Strategic Plan Objective Detail

Fiscal Year: 2010

Green dot: Objective has greater than or equal to the recommended funding.4SB. Standardize and validate at least 20 model systems (e.g., cellular and/or animal) that replicate features of ASD and will allow identification of specific molecular targets or neural circuits amenable to existing or new interventions by 2012. IACC Recommended Budget: $75,000,000 over 5 years.

Download 2010 Question 4: Short-term Objective B projects (EXCEL)
Neuropharmacology of motivation and reinforcement in mouse models of autistic spectrum disorders Malanga, C.J. University of North Carolina School of Medicine
Evaluation of altered fatty acid metabolism via gas chromatography/mass spectroscopy and time-of-flight secondary ion mass spectroscopy imaging in the propionic acid rat model of autism spectrum disorders MacFabe, Derrick University of Western Ontario
Autism iPSCs for studying function and dysfunction in human neural development Loring, Jeanne The Scripps Research Institute
Insight into MeCP2 function raises therapeutic possibilities for Rett syndrome Lomvardas, Stavros University of California, San Francisco
Using Drosophila to model the synaptic function of the autism-linked NHE9 Littleton, J. Troy Massachusetts Institute of Technology
Interaction between MEF2 and MECP2 in the pathogenesis of autism spectrum disorders - 1 Lipton, Stuart Burnham Institute
Serotonin, corpus callosum, and autism Lin, Rick University of Mississippi Medical Center
The genetics of restricted, repetitive behavior: An inbred mouse model Lewis, Mark University of Florida
Behavioral and physiological consequences of disrupted Met signaling Levitt, Pat University of Southern California
Shank3 mutant characterization in vivo Kouser, Mehreen University of Texas Southwestern Medical Center
Animal model of speech sound processing in autism Kilgard, Michael University of Texas at Dallas
Control of synaptic protein synthesis in the pathogenesis and therapy of autism Kelleher, Raymond Massachusetts General Hospital
Investigating the effects of chromosome 22q11.2 deletions Karayiorgou, Maria Columbia University
Functional study of synaptic scaffold protein SHANK3 and autism mouse model Jiang, Yong-Hui Duke University
Preclinical testing of novel oxytocin receptor activators in models of autism phenotypes Jarstfer, Michael University of North Carolina at Chapel Hill
Neurogenomics in a model for procedural learning Hilliard, Austin University of California, Los Angeles
High content screens of neuronal development for autism research Halpain, Shelley University of California, San Diego
Exploring the neuronal phenotype of autism spectrum disorders using induced pluripotent stem cells Hallmayer, Joachim; Dolmetsch, Ricardo Stanford University
Genomic imbalances at the 22q11 locus and predisposition to autism Gogos, Joseph Columbia University
Identification of autism genes that regulate synaptic Nrx/Nlg signaling complexes Garner, Craig Stanford University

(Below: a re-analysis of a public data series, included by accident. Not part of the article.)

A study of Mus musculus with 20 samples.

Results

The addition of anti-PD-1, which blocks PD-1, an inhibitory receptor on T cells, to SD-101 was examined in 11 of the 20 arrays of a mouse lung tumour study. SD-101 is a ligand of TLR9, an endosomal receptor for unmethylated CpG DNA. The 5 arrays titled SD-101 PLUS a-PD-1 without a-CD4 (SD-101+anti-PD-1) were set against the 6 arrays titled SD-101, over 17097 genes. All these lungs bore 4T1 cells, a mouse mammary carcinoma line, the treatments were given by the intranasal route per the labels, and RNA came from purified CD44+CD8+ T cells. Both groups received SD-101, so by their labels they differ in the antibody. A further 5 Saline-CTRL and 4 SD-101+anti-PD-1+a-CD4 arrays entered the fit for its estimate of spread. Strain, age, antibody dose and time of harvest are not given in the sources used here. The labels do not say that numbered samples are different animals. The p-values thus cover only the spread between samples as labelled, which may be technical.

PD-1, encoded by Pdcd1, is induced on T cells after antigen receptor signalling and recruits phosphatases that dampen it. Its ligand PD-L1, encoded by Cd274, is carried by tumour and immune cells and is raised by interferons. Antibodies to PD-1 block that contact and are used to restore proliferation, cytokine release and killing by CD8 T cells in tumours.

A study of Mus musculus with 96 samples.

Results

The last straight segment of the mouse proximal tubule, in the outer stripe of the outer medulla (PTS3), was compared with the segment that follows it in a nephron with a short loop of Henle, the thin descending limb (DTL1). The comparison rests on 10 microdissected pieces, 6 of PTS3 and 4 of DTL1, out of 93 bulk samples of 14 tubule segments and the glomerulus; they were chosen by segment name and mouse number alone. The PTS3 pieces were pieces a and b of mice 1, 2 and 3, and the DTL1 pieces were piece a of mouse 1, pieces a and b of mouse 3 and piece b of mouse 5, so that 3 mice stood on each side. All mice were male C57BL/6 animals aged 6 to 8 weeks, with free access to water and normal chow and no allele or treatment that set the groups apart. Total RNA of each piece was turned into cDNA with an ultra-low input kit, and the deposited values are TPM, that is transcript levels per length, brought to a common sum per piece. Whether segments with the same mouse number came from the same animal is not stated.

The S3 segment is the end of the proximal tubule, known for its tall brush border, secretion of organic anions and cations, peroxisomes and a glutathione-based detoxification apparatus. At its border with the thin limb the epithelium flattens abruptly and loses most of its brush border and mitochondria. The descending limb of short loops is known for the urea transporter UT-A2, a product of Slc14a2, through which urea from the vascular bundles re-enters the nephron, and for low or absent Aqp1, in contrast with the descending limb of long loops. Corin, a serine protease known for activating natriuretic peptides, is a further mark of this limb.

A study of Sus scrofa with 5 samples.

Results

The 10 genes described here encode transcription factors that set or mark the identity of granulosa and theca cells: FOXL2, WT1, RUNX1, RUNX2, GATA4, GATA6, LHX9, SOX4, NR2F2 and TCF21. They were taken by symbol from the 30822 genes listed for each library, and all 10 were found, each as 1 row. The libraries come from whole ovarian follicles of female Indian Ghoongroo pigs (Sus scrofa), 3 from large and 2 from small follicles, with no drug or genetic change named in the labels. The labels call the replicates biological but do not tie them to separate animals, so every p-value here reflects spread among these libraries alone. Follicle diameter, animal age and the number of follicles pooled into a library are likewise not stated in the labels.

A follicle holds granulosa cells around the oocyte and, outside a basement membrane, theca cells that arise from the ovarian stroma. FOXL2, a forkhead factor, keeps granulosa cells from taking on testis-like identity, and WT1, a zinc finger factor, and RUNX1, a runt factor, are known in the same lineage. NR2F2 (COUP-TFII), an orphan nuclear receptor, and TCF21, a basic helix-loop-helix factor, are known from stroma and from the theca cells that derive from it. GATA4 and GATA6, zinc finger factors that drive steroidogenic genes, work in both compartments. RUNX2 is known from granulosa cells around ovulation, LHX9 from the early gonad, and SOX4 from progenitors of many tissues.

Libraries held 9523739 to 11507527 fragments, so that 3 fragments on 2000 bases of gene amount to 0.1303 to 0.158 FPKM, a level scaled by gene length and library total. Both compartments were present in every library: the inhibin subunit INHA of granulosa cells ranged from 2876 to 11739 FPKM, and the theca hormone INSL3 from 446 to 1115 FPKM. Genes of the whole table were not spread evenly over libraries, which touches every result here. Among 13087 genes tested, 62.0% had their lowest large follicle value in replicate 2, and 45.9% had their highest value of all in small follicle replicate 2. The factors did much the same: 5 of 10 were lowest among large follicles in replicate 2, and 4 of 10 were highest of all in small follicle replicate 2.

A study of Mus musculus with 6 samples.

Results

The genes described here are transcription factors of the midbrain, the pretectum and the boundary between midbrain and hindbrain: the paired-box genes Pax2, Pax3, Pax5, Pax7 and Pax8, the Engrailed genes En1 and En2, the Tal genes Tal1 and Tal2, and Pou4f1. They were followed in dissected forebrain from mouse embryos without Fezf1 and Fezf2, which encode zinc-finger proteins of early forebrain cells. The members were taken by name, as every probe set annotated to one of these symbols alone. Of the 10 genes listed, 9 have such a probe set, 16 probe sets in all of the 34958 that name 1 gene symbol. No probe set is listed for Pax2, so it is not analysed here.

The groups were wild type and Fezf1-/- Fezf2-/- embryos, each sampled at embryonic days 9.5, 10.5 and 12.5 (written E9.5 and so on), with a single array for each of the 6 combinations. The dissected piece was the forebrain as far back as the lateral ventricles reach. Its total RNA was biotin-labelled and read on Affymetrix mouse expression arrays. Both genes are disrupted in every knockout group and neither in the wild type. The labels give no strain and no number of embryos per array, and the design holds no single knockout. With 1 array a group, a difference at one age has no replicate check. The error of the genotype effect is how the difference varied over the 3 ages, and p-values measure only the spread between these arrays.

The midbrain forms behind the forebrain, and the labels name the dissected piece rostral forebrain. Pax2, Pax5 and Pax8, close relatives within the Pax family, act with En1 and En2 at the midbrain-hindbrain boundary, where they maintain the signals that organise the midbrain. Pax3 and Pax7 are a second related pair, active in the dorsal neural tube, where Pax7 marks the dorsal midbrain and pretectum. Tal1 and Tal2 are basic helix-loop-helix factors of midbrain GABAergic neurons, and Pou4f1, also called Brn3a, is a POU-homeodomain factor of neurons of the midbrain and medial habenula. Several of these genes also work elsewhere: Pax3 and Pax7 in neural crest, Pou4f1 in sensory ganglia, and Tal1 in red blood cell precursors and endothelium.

Deriving neuroprogenitor cells from peripheral blood of individuals with autism Fujinami, Robert University of Utah
Functional genomic dissection of language-related disorders Fisher, Simon University of Oxford
Dissecting the circuitry basis of autistic-like behaviors in mice Feng, Guoping Massachusetts Institute of Technology
Synaptic and circuitry mechanisms of repetitive behaviors in autism Feng, Guoping Massachusetts Institute of Technology
Patient iPS cells with copy number variations to model neuropsychiatric disorders Ellis, James The Hospital for Sick Children

Objective Cumulative Funding Table

IACC Strategic Plan Objective 2008 2009 2010 2011 2012 Total
Standardize and validate at least 20 model systems (e.g., cellular and/or animal) that replicate features of ASD and will allow identification of specific molecular targets or neural circuits amenable to existing or new interventions by 2012.

IACC Recommended Budget: $75,000,000 over 5 years
42 projects

70 projects

92 projects

89 projects

94 projects

4.S.B. Funding: The recommended budget was met. Significantly more than the recommended minimum budget was allocated to projects specific to this objective.

Progress: More than 90 projects were supported to develop animal models.

Remaining Gaps, Needs, and Opportunities: Planning Group members discussed whether the amount of investment in this area is appropriate when compared to investments in clinical trials and other later stage studies. Invited experts suggested that the current stage of scientific research in ASD requires pre-clinical research to identify targets from animal and cellular models. Similar to cancer treatment development pathways, which spanned 20-30 years, research in ASD must invest in model systems to understand the fundamental biology from which translation to the clinic can be built. The translational validity of research in non-human animals cannot be determined until human trials are conducted, thus the need for rapid progress to clinical studies in humans is important.